It was a cold and rainy day in South Philadelphia. By the time we entered the stadium, Joe Roa had surrendered four runs to the lowly Pirates. We stared at the scoreboard in disbelief, wondering, "Will anything ever change with this team?"
Then longtime announcer Dan Baker said that name. The crowd erupted. Even the greatest cynics felt their bitter hearts warm. Jim Thome dug in for his first at bat.
Finally, a bona fide superstar that wanted to be here. After years of being told we weren't good enough (J.D Drew), watching one sub-par first baseman after another (Travis Lee) and being ridiculed by our own players (Scott Rolen), Philadelphia had someone who loved us as much as we loved him.
Thome ended up scorching a triple to left-center in that at bat, just missing a home run, but prior to his first swing he managed to change the culture of this franchise with one stroke of his pen.
Thome wanted to be here. He believed in the makeup of this young team. He knew of the passion that lived in this town. Many have taken the easy road, aligning themselves with a laundry list of Hall of Famers, but Thome wanted to forge his own legacy in a town that needed an identity.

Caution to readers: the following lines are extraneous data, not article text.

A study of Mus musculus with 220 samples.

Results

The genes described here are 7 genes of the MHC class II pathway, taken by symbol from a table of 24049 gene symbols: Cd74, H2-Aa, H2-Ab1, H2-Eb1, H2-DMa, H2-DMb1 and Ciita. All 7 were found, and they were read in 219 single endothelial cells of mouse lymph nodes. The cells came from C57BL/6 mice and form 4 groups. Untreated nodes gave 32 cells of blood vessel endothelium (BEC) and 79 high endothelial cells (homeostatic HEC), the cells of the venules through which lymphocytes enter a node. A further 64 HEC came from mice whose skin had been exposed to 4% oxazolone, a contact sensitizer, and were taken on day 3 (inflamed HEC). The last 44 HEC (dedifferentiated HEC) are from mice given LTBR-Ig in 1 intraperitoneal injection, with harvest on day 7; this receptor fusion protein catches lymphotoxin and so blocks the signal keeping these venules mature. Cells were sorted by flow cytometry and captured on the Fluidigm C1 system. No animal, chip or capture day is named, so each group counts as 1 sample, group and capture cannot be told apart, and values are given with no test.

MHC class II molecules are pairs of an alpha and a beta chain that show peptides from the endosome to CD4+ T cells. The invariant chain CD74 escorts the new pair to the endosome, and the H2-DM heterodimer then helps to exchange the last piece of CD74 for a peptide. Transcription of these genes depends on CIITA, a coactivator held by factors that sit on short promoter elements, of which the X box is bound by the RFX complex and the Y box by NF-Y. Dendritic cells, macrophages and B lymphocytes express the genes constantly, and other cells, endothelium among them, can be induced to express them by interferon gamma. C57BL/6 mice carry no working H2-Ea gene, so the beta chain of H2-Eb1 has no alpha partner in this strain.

The irony of it all is that Thome had to be traded in order for the Phils to win a World Series. Ryan Howard emerged as a premier young slugger, and Thome, due to injury and expense, was made expendable.
Now Thome returns, the elder statesman, looking to assist a team that appears so close every year. I believe this team will rally around Thome. With his plaque all but hung in Cooperstown, the Phils should give their all for the guy who started it all.